One highlight to our autumn this year was a group of volunteer gourd and pumpkin plants that showed up in the compost pile. Clyde enjoyed heading out to the ‘back forty’ to check on their progress – he also enjoyed that lack of effort that was needed to grow these! One of the most interesting varieties turned out to be porcelain doll pumpkins, which were touted to be delicious for pie making and bread baking.
I choose one of the smaller pumpkins and made my own puree to use, intending to make a quick bread. But then I veered off-course and created a pumpkin dip that was not only tasty, but savory.
I think I hit the nail on the head with this recipe too. It’s flavorful, light, and definitely something different from the normal array of pumpkin goodies you see at this time of year. I found it best to serve on a cracker that doesn’t have much flavor on it’s own such as these water crackers pictured. You could also serve it on pita chips or toasted slices of baguette bread.
While my friend Diane was over we also discovered this is delicious as a veggies dip, especially when red or yellow bell peppers are dipped in. YUM!
As far as ingredients goes, I think a canned puree would work really well for this recipe too. Clyde thought the pumpkin I used was almost too sweet for his taste, though those of us with a sweet tooth didn’t seem to mind it! I think the canned puree isn’t quite as sweet, so that might make this even better for those of you who don’t like much sweetness.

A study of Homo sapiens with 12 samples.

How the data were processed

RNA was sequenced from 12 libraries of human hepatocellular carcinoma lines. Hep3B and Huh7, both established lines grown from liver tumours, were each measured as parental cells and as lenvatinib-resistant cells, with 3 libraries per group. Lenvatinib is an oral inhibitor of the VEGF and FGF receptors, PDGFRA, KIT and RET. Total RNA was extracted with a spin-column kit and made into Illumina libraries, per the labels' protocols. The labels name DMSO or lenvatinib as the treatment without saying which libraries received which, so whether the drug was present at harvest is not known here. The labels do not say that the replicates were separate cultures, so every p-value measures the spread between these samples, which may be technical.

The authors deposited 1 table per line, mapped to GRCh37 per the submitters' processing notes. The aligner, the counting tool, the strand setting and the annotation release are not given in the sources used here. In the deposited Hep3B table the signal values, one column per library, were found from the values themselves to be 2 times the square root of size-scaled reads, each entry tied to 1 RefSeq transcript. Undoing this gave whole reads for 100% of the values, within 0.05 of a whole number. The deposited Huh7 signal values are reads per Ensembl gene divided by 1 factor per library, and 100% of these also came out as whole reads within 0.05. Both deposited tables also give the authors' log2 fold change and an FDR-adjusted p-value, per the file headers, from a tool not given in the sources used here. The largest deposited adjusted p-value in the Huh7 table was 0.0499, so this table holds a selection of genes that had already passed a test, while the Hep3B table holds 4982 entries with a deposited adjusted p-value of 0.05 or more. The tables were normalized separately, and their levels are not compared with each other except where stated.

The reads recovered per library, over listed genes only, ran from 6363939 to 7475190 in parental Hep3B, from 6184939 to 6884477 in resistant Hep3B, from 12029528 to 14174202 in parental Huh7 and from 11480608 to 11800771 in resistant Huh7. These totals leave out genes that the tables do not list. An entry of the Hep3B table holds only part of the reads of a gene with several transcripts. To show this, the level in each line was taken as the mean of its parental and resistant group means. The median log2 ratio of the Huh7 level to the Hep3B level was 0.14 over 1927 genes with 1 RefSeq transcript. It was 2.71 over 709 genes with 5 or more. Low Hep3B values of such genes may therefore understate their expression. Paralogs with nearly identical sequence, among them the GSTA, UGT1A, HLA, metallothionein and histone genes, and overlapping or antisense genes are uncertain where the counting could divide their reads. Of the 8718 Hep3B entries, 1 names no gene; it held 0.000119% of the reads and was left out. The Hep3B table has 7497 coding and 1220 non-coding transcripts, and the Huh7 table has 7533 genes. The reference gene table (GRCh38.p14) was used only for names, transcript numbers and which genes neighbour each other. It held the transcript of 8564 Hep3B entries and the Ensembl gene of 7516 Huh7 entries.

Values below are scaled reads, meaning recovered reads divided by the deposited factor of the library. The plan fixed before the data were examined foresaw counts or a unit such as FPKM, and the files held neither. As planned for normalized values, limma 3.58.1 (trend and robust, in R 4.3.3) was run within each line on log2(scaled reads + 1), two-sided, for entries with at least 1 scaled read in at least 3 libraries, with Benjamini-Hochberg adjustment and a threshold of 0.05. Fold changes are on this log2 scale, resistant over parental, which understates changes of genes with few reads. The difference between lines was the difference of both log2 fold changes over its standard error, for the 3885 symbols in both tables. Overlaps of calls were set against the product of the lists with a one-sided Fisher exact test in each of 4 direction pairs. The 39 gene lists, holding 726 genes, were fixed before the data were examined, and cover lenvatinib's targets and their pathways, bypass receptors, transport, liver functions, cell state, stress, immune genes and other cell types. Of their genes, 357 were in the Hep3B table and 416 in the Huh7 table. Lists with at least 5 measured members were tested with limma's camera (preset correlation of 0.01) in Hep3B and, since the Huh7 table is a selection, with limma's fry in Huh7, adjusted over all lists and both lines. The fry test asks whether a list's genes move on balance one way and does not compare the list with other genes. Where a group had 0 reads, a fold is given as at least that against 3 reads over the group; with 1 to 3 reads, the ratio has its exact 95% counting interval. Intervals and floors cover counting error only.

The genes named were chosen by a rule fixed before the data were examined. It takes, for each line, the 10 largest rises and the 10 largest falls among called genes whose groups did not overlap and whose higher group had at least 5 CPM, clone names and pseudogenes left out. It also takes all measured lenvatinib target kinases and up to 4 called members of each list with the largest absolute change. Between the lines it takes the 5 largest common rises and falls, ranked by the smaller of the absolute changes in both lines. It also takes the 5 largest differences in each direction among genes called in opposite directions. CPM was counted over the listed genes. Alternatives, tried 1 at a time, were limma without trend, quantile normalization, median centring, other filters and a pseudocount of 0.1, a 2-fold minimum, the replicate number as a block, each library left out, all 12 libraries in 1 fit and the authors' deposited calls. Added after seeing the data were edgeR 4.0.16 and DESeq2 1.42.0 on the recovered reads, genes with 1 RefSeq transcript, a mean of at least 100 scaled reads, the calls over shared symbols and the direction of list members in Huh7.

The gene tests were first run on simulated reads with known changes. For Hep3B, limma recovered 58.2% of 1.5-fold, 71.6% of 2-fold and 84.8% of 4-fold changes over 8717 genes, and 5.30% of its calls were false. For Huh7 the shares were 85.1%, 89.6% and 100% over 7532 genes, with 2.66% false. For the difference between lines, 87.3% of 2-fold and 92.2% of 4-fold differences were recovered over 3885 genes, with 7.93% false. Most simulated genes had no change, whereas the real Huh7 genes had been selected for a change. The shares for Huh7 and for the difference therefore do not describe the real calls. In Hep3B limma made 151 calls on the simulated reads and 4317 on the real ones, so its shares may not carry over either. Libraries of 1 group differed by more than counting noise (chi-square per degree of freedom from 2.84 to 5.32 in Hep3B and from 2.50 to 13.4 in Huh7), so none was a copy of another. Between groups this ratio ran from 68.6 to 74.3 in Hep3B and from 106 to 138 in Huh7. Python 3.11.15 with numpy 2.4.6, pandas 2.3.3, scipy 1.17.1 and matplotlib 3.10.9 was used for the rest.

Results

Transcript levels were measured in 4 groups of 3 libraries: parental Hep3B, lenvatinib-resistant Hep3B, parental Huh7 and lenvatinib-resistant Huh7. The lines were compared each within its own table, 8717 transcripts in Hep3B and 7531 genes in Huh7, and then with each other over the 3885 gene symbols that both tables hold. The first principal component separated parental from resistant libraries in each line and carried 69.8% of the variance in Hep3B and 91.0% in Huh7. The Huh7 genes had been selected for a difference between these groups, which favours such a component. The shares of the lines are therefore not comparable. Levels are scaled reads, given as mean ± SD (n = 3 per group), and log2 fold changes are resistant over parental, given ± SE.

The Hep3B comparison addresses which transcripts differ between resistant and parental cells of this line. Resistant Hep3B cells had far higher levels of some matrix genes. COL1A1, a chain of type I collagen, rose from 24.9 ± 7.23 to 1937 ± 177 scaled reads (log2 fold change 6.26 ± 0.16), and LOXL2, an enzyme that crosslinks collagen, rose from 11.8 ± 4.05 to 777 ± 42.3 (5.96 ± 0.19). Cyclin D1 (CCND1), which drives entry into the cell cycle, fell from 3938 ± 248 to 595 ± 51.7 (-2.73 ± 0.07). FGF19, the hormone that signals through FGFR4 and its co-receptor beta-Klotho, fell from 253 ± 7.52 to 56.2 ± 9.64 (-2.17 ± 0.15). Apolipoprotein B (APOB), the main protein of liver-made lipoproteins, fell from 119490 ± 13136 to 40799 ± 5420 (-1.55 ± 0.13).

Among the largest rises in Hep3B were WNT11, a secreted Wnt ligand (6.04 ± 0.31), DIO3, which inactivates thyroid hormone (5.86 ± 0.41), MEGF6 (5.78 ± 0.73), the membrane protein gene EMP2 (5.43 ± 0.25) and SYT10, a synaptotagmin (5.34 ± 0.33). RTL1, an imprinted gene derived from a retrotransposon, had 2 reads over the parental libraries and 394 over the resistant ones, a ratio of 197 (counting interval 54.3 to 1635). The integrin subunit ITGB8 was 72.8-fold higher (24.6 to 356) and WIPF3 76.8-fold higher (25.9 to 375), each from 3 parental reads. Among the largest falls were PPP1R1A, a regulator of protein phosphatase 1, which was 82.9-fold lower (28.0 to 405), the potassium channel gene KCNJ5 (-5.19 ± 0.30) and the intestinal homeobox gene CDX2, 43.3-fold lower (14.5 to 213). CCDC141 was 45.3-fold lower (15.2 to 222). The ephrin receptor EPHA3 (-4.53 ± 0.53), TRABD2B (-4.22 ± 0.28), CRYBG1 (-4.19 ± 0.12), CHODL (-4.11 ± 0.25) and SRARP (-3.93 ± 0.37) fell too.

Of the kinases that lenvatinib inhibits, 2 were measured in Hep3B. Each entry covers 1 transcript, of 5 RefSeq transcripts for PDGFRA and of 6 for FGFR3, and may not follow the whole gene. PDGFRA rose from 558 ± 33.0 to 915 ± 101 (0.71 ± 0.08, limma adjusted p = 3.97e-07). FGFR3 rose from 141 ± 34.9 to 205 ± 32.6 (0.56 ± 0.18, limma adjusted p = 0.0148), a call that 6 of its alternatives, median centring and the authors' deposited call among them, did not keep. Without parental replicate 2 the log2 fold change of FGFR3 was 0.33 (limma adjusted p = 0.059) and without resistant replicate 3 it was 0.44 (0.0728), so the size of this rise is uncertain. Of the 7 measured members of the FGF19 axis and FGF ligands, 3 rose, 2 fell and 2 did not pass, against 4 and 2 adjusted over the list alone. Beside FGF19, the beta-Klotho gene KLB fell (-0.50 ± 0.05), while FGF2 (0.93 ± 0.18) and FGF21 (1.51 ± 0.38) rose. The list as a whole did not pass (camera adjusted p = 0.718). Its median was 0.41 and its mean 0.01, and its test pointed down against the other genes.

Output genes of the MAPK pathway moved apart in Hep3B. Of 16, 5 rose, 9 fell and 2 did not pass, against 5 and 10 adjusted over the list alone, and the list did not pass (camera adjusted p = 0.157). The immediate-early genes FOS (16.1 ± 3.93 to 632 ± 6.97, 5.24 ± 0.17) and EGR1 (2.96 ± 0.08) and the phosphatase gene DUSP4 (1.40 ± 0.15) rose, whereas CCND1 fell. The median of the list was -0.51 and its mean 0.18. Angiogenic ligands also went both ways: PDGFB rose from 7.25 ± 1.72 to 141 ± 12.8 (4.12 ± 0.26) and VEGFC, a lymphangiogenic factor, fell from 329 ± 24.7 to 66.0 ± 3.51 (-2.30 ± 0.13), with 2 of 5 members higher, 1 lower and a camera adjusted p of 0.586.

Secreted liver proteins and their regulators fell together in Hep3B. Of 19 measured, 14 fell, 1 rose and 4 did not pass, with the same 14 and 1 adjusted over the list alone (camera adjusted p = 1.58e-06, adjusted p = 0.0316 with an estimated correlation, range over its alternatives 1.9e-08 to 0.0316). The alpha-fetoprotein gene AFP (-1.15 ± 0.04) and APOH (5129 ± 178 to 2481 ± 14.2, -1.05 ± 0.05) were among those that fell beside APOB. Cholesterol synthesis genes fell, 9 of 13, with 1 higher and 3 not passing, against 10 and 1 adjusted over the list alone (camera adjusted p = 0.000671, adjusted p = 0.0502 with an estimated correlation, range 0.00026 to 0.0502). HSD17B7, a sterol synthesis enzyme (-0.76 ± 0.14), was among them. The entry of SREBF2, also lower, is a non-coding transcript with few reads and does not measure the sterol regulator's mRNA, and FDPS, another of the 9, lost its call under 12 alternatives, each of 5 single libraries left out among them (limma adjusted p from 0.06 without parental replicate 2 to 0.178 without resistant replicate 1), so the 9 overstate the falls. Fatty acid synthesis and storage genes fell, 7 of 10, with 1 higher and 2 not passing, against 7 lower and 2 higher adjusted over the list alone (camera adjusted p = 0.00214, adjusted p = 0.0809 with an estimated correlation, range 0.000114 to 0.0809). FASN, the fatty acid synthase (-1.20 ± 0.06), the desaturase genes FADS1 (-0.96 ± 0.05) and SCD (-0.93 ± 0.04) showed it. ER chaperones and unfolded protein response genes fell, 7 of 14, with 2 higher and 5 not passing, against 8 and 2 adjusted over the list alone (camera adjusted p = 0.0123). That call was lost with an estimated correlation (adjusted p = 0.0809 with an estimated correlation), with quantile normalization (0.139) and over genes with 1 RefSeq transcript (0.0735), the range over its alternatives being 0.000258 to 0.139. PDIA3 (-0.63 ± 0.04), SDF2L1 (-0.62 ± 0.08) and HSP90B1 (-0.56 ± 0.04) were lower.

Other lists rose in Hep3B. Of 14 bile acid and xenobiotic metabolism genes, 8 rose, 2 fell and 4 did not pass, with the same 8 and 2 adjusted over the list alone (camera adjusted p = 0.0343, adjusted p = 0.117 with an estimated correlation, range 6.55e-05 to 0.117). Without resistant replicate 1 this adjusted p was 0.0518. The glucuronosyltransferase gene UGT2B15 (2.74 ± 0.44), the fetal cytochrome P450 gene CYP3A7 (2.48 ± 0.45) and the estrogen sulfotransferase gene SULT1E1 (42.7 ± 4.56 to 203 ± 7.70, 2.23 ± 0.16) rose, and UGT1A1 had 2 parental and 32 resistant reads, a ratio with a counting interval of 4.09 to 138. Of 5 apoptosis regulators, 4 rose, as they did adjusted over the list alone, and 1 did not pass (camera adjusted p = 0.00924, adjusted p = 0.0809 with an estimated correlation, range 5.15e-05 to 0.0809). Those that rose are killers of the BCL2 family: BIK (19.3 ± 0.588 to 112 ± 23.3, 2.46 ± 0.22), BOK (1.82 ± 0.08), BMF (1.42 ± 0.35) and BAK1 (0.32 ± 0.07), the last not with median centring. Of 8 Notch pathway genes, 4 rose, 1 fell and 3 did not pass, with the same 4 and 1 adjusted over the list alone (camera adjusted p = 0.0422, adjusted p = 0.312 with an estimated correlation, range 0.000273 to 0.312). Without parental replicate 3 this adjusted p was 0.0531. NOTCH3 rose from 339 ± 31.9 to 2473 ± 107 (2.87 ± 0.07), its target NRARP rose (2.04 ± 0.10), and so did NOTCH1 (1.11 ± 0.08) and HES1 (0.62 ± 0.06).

The cayenne pepper in the recipe helped cut the sweetness down, but if you don’t like a little heat, you may want to add less cayenne (or try a different ground pepper). The lemon juice is essential as it really gave the dip a brighter flavor and lightened up the smoky flavor of the smoked salmon.
The basil was an afterthought, and I thought it would only be a pretty garnish on the side of the bowl. BUT, it actually made the whole dip come together with layers of flavor that just wouldn’t let go of my taste buds. So don’t do what I pictured here and just put two fat leaves on the side of the bowl. Tear up a leaf or two and sprinkle the pieces over the dip, more like what I did with the crackers on the side.
If you’re looking for a little something unusual this season, give this dip a try. It’s definitely an easy one to put together (especially if you’re using canned pumpkin) and is pretty darn healthy to boot. Cheers!
- 1½ Tablespoons Harvest Mist
- 1 Cup pumpkin puree
- ½ teaspoon ground cayenne pepper
- 2 Tablespoons smoked salmon
- ¼ teaspoon apple cider vinegar
- ½ teaspoon lemon juice
- 1-2 fresh basil leaves
- Add all ingredients except the basil in a blender.
- Blend until smooth and the salmon has been incorporated fully into the dip. Transfer to a bowl.
- Tear basil leaves into small pieces and sprinkle over the top of the dip.
- Serve with crackers, fresh vegetables, or toasted slices of baguette bread.